Thursday, 22 December 2011

More stories from Aranya Parva.Mahabharata 77

As the Panadavas continue their theertha yatra, they decide to go up the Mandara mountain.  Bheema carries Draupadi as she finds it difficult to manage the high altitude and the climb is very steep. Even Yudhisthira finds it difficult and is breathless and feverish. The weather changes  dramatically. The sky is overcast and there is a fierce gale. Many large trees are uprooted and even Bheema finds it difficult to carry Draupadi and push fallen trees away from their path at the same time. As the gale abates in its fury, rain lashes at them like sharp arrows. Water flows in torrents and rocks get dislodged and many more trees fall. It is a magnificent but a terrifying sight.

As suddenly as it began, the rain stops, but the Pandavas find it hard to go further. Yudhisthira suggests that Bheema should ask his son Ghatotkhacha to come and help. Bheema thinks of his son and he appears the next instant. He carries Draupadi and his minions carry the Pandavas. Only guru Dhaumya and Lomasa walk by themselves! Soon they see the peak of the great Kailash mountain. They reach Badari and the rishis who have an ashrama there welcome them and Pandavas spend many happy days and feel at peace!

Interesting story in that it is the first time Pandavas face nature's fury and are unable to cope! Intriguing also that the sages proved to be more resilient! It is also here that Bheema following a trail of scented flowers, meets his older brother Hanuman, both sons of Vayu, and is taught a lesson in humility by Hanuman. Bheema also fights Kubera's Rakshasa guards and collects beautiful flowers to please Draupadi.  A story which kids would love. The picture on the right is claimed to be of Hanuman still alive and living in a cave in Manasarovar.

 As I read the stories, in which myths and fantasies are in plenty, I wondered about changes that have crept in over time in the language and in the story! I am thankful to friend Chandramouli who said written Sanskrit came much later! While a lot of stories did get added, it is indeed amazing that in spite of this lack of a written script, the integrity of the main theme seems to have been maintained, .

 Also important was the prevalent technology of those times. I am obliged to Wikipedia (In fact, there is an appeal for us to donate to the Wiki website, which is a non-profit one!) for the articles below. The invention of Chariots and the skills developed in making iron had a significant impact in changing  the course of human history. It is estimated that the world population before agriculture was around 1 million and 50 million around 1000 BCE. Thought provoking when you think of the numbers in the Mahabharata war. The figures given in Vachana Bharata is close to 400k chariots and 2 million men.
The pre-Classical form of Sanskrit is known as Vedic Sanskrit, with the language of the Rigveda being the oldest and most archaic stage preserved, its oldest core dating back to as early as 1500 BCE.[6]
 No written records from such an early period survive. However, scholars are confident that the oral transmission of the texts is reliable: they were ceremonial literature whose correct pronunciation was considered crucial to its religious efficacy.[13]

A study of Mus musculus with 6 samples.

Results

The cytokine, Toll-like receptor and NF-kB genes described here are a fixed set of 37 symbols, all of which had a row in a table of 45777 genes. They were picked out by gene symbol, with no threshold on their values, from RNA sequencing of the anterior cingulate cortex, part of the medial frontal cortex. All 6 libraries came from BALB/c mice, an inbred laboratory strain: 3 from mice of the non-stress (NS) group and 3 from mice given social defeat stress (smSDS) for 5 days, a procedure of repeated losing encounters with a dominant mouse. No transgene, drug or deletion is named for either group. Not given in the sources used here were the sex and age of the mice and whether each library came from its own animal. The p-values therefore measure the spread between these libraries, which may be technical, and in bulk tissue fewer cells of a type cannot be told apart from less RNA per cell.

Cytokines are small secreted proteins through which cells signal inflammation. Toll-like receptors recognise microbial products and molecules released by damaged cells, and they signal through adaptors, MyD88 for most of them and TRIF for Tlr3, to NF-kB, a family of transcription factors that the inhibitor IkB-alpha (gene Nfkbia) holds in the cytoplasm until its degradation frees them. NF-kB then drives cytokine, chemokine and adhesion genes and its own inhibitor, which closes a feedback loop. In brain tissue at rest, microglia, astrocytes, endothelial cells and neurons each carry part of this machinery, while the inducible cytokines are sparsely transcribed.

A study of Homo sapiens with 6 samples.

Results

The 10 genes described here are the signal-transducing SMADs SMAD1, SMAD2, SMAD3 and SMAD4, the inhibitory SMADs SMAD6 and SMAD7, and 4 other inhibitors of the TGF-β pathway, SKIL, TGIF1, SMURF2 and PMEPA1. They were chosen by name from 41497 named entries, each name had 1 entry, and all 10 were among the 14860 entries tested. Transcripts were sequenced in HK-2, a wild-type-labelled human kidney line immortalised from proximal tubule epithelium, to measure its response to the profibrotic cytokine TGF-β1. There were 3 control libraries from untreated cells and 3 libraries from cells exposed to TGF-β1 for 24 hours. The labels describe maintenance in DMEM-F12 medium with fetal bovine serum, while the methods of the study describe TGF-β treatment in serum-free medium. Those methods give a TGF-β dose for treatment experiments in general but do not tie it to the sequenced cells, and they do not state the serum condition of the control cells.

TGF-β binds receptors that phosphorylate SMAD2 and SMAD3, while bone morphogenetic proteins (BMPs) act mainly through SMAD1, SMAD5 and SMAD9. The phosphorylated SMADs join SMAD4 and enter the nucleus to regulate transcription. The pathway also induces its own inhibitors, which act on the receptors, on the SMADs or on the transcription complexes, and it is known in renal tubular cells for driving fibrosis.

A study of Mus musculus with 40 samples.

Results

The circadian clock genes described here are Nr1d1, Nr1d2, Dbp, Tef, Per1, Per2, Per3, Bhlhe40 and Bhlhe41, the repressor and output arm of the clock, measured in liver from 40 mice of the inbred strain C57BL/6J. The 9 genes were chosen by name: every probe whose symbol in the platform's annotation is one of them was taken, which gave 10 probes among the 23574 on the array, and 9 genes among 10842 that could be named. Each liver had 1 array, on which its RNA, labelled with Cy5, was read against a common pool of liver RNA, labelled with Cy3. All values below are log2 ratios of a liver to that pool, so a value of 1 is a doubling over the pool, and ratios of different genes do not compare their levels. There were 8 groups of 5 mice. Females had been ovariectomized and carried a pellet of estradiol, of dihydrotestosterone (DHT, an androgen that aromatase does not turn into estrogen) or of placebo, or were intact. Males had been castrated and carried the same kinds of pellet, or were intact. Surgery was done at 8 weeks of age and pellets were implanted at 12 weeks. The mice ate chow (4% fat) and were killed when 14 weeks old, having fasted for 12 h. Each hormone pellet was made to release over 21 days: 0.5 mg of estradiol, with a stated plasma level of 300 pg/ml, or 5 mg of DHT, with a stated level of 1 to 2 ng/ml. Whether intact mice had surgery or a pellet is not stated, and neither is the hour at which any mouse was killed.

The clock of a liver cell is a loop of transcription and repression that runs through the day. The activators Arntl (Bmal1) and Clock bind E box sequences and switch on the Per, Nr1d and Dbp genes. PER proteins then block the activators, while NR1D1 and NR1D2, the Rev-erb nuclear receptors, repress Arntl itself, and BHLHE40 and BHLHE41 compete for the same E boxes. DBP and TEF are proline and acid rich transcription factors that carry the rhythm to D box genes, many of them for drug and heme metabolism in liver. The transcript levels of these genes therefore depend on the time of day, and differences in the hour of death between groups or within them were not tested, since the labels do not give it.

From the Rigveda until the time of Pāṇini (fl. 4th century BCE) the development of the Sanskrit language may be observed in other Vedic texts: the Samaveda, Yajurveda, Atharvaveda, Brahmanas, and Upanishads. During this time, the prestige of the language, its use for sacred purposes, and the importance attached to its correct enunciation all served as powerful conservative forces resisting the normal processes of linguistic change.[14]
] A significant form of post-Vedic Sanskrit is found in the Sanskrit of the Hindu Epics—the Ramayana and Mahabharata. The deviations from Pāṇini in the epics are generally considered to be on account of interference from Prakrits, or "innovations" and not because they are pre-Paninean.[
 The 2nd millennium BC marks the transition from the Middle to the Late Bronze Age.
Its first half is dominated by the Middle Kingdom of Egypt and Babylonia. The alphabet develops. Indo-Iranian migration onto the Iranian plateau and onto the Indian subcontinent propagates the use of the chariot. Chariot warfare and population movements lead to violent changes at the center of the millennium, and a new order emerges with Greek dominance of the Aegean and the rise of the Hittite Empire. The end of the millennium sees the transition to the Iron Age. World population begins to rise steadily, reaching some 50 million towards 1000 BC.
Iron Age India, the Iron Age in the Indian subcontinent, succeeds the Late Harappan (Cemetery H) culture, also known as the last phase of the Indus Valley Tradition. The main Iron Age archaeological cultures of India are the Painted Grey Ware culture (1100 to 350 BC) and the Northern Black Polished Ware (700 to 200 BC).
The earliest Iron Age sites in South India are Hallur, Karnataka and Adichanallur, Tamil Nadu[1] at around 1000 BC. Technical studies on materials dated c. 1000 BCE at Komaranhalli (Karnataka) showed that the smiths of this site could deal with large artifacts, implying that they had already been experimenting for centuries,[2][3] which drew attention to the presence of iron in Chalcolithic deposits at Ahar, and suggested that “the date of the beginning of iron smelting in India may well be placed as early as the sixteenth century BC” and “by about the early decade of thirteenth century BC iron smelting was definitely known in India on a bigger scale”.[4]